10/14/09 7:55AM By Bill Seamans

(SEAMANS) Overwhelmed by the debate over the health care crisis and the worthiness of his Nobel Peace Prize, President Barack Obama - under extreme military and political pressure - is contemplating a truly historic decision on the course of our war in Afghanistan.  As we know, that pressure has been created by Gen. Stanley McChrystal's request for more troops and a new strategy or, he said, we face failure in Afghanistan.

General McChrystal's public statements virtually demanding  Presidential action have launched yet another background controversy that challenges the core of Army discipline and the cohesion and the integrity and the responsibility of leadership.  It's called the Chain of Command - known by lowly privates all the way up to the top Generals as the backbone of the Army - that enables the orderly passage of command up and down the links of authority - each link reporting to the noncom or officer immediately above him or her.  Breaking the Chain of Command has resulted in severe penalties as extreme as terminating the career of a superior officer.

Critics allege that Gen. McChrystal broke the Chain of Command by making public his request that sounded to some observers like an open challenge to his Commander in Chief, President Obama.  They say their opinion is in no way intended as an objection to what McChrystal said, but rather the way he said it.  According to the Chain of Command, it's argued that he should have submitted his proposal to his regional commander, Gen. David Petraeus to be passed upward to the Chairman of the Joint Chiefs of Staff, Admiral Mike Mullen then on to Secretary of Defense Robert Gates who could pass McChrystal's request on to President Obama.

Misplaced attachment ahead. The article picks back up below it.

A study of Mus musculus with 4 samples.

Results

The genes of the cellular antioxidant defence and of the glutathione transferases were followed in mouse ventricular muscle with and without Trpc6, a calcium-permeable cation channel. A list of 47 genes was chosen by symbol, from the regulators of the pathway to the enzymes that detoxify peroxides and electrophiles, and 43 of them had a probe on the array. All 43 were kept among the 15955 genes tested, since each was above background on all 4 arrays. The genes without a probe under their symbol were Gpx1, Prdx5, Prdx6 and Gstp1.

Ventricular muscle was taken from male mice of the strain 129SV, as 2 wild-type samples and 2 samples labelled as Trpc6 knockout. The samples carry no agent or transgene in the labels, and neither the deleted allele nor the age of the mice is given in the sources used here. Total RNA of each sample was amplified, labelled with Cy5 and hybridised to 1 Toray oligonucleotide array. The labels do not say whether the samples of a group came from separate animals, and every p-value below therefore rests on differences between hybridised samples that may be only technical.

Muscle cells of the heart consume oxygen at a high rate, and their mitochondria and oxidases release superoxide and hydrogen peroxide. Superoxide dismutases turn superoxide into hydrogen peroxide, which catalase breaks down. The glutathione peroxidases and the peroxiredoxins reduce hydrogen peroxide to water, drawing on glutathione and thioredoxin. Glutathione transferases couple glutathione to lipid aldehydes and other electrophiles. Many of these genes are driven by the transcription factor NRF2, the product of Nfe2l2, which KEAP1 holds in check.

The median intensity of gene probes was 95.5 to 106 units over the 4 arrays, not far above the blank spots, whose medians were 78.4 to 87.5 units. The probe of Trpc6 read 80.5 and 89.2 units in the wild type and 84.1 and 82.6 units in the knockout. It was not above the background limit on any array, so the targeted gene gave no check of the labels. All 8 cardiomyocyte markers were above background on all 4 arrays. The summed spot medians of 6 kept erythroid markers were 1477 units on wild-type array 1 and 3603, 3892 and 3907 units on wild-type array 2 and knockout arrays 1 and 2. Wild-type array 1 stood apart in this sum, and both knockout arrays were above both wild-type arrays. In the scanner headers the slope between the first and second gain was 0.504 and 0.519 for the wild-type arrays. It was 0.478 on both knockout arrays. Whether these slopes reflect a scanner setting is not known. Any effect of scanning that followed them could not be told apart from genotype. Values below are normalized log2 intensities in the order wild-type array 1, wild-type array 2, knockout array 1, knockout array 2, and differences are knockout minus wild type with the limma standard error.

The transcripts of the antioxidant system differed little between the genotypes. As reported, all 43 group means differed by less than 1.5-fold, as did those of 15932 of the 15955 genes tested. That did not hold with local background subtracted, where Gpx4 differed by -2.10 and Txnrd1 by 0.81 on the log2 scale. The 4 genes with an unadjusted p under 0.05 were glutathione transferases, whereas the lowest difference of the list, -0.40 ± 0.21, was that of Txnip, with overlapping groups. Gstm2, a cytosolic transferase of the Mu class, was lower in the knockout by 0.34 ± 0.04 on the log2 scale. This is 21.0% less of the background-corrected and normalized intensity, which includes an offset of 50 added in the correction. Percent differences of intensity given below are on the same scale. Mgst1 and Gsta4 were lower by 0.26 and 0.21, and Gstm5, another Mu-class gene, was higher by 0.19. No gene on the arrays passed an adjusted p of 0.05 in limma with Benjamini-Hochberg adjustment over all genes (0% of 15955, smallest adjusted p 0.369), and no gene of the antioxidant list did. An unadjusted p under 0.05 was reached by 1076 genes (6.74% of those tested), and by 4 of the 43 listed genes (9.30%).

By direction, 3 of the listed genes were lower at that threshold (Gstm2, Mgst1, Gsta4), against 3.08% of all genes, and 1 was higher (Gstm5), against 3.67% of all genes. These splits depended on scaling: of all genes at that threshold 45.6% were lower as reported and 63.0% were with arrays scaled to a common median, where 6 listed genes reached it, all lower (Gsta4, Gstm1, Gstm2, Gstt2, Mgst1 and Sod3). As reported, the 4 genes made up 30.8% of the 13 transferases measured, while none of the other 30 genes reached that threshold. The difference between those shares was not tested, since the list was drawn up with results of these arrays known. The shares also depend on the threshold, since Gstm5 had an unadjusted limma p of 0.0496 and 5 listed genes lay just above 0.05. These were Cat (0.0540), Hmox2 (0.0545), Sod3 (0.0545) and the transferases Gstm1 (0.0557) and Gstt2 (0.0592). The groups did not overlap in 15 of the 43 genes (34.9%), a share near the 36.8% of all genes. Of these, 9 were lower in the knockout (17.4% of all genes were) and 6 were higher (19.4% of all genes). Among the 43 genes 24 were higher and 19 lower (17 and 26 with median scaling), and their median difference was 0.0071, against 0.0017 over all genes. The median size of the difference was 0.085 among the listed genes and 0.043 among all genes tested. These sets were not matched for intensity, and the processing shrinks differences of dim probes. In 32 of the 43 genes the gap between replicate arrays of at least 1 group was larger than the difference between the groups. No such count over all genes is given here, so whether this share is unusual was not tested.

It's noted that McChrystal has been supported rather than admonished by his immediate commander, Gen. Petraeus.  But he was wrist-slapped by Gates who said that is was imperative for civilians and military alike to provide our best advice to the president candidly and privately - and he denied that he was trying to muzzle McChrystal.  But critics add another question - was McChrystal's public statement intended to be political as well as military because of the acknowledged conservatism of the Army's top officer corps?  Some observers even saw the possibility of another Truman-MacArthur clash that reasserted civilian control over the military.

President Obama these recent days has had no alternative but to roll with the punch but we can anticipate that after this week's uproar over the health care vote - speculation over how he will decide on the Afghanistan troop question again will share the crisis spotlight.